One of the largest investors in Thames Water has given its support for the utility as other industry figures sought to stave off any possible nationalisation of the sector. The £90bn Universities Superannuation Scheme (USS), which has a near 20 per cent stake in Thames Water, said on Friday:
“We have given our backing to Thames Water’s turnround plan,”
adding this required
“an appropriate regulatory environment”.
The comments set the stage for crunch negotiations between Thames Water, its investors and the government over injecting more capital at a time when the sector’s future is the subject of intense political debate.
John Ralfe is right, they are now in no position to do otherwise
” @thameswater travails threaten to plunge privatised sector into crisis” – See my quote “If there is an emergency rights issue, it is absolutely crucial for the reputations of both @USSpensions and @bt_uk that they take it up” https://t.co/LXtQCLxVAl via @FT
— John Ralfe (@JohnRalfe1) June 30, 2023
USS owns 20% of Thames Water’s equity. The existential threat to this stake is that the Government is brutal and nationalises Thames Water leaving the equity holders with nothing. A bit like Tottenham not selling Harry Kane this year.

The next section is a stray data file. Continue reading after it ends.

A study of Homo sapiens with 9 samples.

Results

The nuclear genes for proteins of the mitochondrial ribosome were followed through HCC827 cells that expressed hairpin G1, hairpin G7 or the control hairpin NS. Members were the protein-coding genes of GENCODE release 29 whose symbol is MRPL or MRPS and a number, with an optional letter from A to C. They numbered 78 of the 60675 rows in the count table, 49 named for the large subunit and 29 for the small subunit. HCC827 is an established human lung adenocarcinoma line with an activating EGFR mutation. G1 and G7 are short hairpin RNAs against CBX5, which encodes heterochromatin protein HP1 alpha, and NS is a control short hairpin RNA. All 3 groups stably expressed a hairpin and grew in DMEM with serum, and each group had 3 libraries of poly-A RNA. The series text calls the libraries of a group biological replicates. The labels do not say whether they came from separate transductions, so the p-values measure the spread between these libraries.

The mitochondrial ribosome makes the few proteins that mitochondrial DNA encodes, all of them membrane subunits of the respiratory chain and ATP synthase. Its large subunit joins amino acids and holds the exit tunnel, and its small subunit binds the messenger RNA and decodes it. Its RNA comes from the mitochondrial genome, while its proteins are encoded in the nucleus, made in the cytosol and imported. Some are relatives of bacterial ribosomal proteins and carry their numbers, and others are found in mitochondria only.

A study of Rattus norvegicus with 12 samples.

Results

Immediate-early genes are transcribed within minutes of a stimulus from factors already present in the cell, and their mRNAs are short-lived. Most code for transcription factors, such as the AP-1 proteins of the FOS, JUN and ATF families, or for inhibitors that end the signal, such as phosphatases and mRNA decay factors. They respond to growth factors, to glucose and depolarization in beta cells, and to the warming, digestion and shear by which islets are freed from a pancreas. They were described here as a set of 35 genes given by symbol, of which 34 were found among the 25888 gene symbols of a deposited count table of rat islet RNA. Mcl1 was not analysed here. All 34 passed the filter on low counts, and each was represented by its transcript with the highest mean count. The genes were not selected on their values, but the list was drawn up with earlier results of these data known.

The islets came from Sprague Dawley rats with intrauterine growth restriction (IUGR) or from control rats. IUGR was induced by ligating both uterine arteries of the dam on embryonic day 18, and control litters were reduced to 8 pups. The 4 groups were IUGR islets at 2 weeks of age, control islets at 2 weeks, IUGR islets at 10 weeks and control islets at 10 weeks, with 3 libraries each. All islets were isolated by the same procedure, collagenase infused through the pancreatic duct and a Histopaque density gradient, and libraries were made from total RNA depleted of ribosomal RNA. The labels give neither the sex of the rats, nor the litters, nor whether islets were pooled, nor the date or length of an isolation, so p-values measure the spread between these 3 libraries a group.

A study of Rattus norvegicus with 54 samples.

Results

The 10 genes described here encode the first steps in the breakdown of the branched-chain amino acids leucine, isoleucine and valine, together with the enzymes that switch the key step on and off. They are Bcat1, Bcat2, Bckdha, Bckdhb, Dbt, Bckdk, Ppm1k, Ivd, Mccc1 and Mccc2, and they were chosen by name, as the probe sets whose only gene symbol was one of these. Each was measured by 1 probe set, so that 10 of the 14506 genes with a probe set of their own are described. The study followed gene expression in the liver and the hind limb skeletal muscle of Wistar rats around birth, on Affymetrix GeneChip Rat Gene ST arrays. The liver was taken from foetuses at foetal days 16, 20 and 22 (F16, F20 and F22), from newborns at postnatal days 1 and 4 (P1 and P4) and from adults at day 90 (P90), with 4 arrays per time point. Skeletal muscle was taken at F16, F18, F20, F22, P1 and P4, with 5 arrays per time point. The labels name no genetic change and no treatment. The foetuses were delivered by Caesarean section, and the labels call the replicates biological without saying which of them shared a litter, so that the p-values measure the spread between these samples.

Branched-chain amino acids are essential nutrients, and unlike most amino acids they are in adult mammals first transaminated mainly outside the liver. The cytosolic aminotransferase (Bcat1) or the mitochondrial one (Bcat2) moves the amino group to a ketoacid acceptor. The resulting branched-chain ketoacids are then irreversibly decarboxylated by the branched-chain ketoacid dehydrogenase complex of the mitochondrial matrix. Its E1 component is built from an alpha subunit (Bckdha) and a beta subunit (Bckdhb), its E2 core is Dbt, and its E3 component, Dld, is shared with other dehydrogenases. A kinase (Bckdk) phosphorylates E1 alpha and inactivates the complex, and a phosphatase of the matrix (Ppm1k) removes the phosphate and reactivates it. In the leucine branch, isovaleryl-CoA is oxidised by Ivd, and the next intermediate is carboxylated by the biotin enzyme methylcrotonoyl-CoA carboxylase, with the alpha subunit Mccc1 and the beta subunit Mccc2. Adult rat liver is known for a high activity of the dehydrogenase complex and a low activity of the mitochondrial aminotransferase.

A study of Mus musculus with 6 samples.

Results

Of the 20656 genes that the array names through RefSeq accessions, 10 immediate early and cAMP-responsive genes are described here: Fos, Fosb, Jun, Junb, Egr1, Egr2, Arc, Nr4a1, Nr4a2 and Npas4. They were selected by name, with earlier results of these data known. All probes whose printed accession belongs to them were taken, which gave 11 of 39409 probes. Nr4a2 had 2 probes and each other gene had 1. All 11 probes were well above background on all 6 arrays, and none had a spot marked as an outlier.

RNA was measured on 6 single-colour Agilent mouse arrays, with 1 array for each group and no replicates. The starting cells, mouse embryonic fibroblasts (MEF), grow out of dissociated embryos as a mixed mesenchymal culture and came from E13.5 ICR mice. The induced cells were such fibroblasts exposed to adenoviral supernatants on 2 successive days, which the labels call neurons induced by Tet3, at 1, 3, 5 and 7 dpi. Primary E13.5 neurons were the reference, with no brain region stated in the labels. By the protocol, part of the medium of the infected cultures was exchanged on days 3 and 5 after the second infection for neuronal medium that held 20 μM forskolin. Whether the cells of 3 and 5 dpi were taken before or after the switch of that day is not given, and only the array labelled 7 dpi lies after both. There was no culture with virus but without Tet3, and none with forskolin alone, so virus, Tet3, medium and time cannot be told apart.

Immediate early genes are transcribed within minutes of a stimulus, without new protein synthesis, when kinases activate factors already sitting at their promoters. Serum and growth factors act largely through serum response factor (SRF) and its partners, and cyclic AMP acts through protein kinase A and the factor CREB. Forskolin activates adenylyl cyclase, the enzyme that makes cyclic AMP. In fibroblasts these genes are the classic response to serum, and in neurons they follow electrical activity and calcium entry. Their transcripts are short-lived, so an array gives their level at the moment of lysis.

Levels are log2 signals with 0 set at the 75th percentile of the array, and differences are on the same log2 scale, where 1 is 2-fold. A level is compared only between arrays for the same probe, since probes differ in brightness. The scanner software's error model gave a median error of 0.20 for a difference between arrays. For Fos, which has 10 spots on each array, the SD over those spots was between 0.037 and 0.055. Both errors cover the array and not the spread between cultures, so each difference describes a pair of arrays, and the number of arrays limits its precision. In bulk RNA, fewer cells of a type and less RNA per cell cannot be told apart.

I called on the Government to be brutal, if it turns out to be a straight choice between bailing out the investors or privating Thames Water.
The investors have so far come up with £500m to keep Thames Water solvent. They are expected to find another £1.5m and could – if others do not put their hands in their pockets – increase their equity stake.
As it stands, pension funds own well over half of Thames Water. A YouGov poll in 2022 suggests 58% of Conservative votes would want to see Thames Water back in private hands. USS must fear privatisation beyond all things.
But USS may be talking to the likes of the CEO of Severn Water who in an email seen by the FT says.
“One idea we believe might be attractive to the Labour leadership is repurposing utilities and utility networks into a new breed of declared social purpose companies — companies that remain privately owned, who absolutely can (and should) make a profit, but ones that also have a special duty to take a long-term view.”
That sounds very much like a solution that aligns with what Pension Schemes should invest in. It prompts the question, “why is Thames Water not in such a vehicle now?”